UK Sport chief executive Liz Nicholl has described the evidence given at Wednesday's select committee hearing regarding the lack of record-keeping at British Cycling and Team Sky as "shocking", saying funding could be withheld for the next Olympic cycle unless cycling's national governing body gets its house in order.

British Cycling's new chairman Jonathan Browning agreed with her that the evidence heard by MPs on Wednesday was "unacceptable" and said his organisation would carry out a thorough review of its medical practices.

The credibility of both Team Sky and British Cycling was described as being "in tatters" by Damian Collins MP, the chair of the CMS Select Committee, after Wednesday's evidence session.

Collins was speaking after UK Anti-Doping chief executive Nicole Sapstead gave an update on her organisation's five month investigation into Team Sky and British Cycling over a Jiffy bag taken out to Sir Bradley Wiggins at the 2011 Criterium du Dauphiné.


Sapstead highlighted an astonishing lack of record-keeping from the team's doctor Richard Freeman, admitting she could not establish what drug was in the medical package. Freeman claims a laptop which had the relevant medical records was stolen while he was on holiday in Greece in 2014.

Speaking at a press briefing to announce a new 39-point 'action plan' - a response to the recommendations arising from the ongoing independent review into the culture at British Cycling - Nicholl said that state of affairs was unacceptable.

"I think the revelations yesterday were shocking," she said. "I think the new leadership has to restore the credibility of British Cycling by the actions that they are planning to take."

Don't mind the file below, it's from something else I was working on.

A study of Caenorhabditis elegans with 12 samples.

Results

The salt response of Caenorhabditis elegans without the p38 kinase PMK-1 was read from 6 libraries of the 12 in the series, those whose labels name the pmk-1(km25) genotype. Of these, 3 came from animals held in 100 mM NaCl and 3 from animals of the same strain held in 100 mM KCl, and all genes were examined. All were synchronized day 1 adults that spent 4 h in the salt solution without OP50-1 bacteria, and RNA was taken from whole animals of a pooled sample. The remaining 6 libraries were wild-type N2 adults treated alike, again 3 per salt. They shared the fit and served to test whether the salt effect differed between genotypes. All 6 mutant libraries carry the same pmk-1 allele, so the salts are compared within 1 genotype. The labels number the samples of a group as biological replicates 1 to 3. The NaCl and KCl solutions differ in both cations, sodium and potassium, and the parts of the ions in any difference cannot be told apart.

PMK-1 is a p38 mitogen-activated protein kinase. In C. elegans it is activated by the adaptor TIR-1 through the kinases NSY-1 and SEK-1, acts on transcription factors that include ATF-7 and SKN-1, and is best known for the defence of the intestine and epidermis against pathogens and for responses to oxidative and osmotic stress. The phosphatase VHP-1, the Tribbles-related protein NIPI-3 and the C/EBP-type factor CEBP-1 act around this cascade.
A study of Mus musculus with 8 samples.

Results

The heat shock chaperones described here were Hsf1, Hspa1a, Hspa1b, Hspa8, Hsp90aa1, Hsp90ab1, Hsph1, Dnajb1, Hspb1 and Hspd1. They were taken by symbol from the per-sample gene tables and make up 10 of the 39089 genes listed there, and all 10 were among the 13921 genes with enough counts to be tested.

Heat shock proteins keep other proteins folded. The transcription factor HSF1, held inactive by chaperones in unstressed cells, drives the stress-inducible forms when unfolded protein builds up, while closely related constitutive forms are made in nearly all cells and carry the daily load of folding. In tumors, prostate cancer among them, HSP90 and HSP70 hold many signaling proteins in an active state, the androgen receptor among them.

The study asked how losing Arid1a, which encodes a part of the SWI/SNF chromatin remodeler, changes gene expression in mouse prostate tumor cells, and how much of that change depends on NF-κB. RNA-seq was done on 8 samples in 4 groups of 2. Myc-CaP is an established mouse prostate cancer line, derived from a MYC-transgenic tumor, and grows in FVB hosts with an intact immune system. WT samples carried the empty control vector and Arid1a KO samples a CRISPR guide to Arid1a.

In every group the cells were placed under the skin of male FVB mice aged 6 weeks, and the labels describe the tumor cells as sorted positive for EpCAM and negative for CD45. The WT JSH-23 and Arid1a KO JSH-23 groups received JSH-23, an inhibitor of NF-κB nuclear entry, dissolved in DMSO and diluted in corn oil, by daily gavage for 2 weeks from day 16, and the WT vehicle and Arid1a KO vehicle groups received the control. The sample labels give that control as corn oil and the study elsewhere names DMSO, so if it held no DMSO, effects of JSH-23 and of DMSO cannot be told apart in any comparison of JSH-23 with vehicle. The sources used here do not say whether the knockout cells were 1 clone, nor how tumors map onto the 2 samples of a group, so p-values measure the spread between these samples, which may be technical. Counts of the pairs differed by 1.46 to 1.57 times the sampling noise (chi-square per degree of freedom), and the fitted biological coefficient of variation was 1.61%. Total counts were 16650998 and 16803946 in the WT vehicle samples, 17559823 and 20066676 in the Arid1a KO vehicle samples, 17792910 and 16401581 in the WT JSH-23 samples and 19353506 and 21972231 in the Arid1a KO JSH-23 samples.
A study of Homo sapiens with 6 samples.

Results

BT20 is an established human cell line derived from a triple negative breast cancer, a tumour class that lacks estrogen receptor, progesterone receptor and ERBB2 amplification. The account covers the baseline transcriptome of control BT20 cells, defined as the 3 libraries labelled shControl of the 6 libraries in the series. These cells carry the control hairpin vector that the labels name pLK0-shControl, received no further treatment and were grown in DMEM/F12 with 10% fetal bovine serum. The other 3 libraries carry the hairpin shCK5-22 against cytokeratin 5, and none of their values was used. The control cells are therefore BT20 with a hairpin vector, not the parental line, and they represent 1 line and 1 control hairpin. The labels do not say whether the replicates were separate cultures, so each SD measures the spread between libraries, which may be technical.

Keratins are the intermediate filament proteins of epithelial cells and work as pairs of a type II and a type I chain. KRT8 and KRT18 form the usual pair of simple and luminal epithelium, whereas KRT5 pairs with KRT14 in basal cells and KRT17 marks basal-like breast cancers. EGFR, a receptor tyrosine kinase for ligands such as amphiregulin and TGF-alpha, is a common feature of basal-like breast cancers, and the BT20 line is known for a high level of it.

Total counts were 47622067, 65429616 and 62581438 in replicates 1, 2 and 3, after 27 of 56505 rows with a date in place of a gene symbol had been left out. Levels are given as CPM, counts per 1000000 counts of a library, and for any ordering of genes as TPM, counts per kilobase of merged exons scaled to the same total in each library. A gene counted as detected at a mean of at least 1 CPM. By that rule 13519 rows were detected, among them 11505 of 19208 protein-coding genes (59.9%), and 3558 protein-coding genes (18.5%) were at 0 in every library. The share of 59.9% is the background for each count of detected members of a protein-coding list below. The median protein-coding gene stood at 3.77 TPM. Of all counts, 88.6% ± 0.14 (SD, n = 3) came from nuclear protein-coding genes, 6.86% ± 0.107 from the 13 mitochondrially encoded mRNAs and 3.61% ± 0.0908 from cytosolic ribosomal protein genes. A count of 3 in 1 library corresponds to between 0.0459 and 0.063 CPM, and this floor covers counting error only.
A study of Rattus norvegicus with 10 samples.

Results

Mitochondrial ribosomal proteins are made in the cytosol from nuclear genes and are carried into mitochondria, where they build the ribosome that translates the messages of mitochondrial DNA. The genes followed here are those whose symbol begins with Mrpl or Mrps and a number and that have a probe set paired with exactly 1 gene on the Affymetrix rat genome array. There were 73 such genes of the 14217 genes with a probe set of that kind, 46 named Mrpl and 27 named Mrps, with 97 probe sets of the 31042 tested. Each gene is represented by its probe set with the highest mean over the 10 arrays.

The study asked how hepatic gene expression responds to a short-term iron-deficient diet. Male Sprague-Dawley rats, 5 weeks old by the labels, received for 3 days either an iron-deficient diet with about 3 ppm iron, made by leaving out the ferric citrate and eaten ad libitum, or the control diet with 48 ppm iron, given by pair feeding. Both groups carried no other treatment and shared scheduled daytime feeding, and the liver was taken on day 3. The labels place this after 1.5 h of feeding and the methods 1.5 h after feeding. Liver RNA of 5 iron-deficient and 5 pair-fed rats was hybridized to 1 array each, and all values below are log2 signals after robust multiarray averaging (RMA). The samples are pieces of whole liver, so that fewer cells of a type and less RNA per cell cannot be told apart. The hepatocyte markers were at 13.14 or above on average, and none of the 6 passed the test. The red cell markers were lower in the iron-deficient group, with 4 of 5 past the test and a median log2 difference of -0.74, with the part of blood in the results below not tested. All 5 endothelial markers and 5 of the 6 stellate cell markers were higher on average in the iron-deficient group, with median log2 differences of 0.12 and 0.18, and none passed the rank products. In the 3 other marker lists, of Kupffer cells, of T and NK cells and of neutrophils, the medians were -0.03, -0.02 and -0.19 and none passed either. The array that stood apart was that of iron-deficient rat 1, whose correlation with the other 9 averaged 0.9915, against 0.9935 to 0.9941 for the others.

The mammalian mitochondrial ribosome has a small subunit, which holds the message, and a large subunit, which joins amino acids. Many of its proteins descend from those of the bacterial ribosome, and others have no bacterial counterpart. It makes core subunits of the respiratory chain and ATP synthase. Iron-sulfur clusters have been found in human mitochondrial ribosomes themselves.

Browning, who has been in the job for around a month after British Cycling president Bob Howden relinquished his role as chair, agreed. "We absolutely want answers as well over some of the issues flagged by UKAD," he said. "From my point of view, it's not sufficient to be clean, we have to demonstrate that we are clean, transparent in our processes and that's very much include record-keeping in the area of medical support. That's a fundamental responsibility that we take very seriously."

Neither Browning nor Nicholl would comment on the position of Sir Dave Brailsford, Team Sky's principal. Brailsford stepped down as performance director of British Cycling in 2014 to concentrate on his role as the head of Team Sky.

Browning said British Cycling would review its "service level agreements" with Team Sky "and make sure we have a robust process for the avoidance of any conflict of interest. That is something that needs to be managed appropriately."

Nicholl said: "I'm not going to comment on an employee of Team Sky but I would say that, as a result of what I heard yesterday, I'm pleased to hear Jonathan say that British Cycling will take a very close look at the relationship it has with Team Sky, in all matters."

On UK Sport's funding of British Cycling, which was roughly £30million for the last four-year cycle, Nicholl said it would be a "condition of grant" that various reforms were implemented.

"The funding hasn't started flowing yet for Tokyo because the funding for Rio continues up until 31 March," she said. "The funding agreements will be issued in March. But those funding agreements will contain conditions that those action plans that we've talked about and these other commitments that BC is now making will be in there as a condition of grant and there will be timescales."

Wiggins, meanwhile, threatened to call the police after a BBC camera crew tried to speak to him outside his house in Chorley, Lancashire.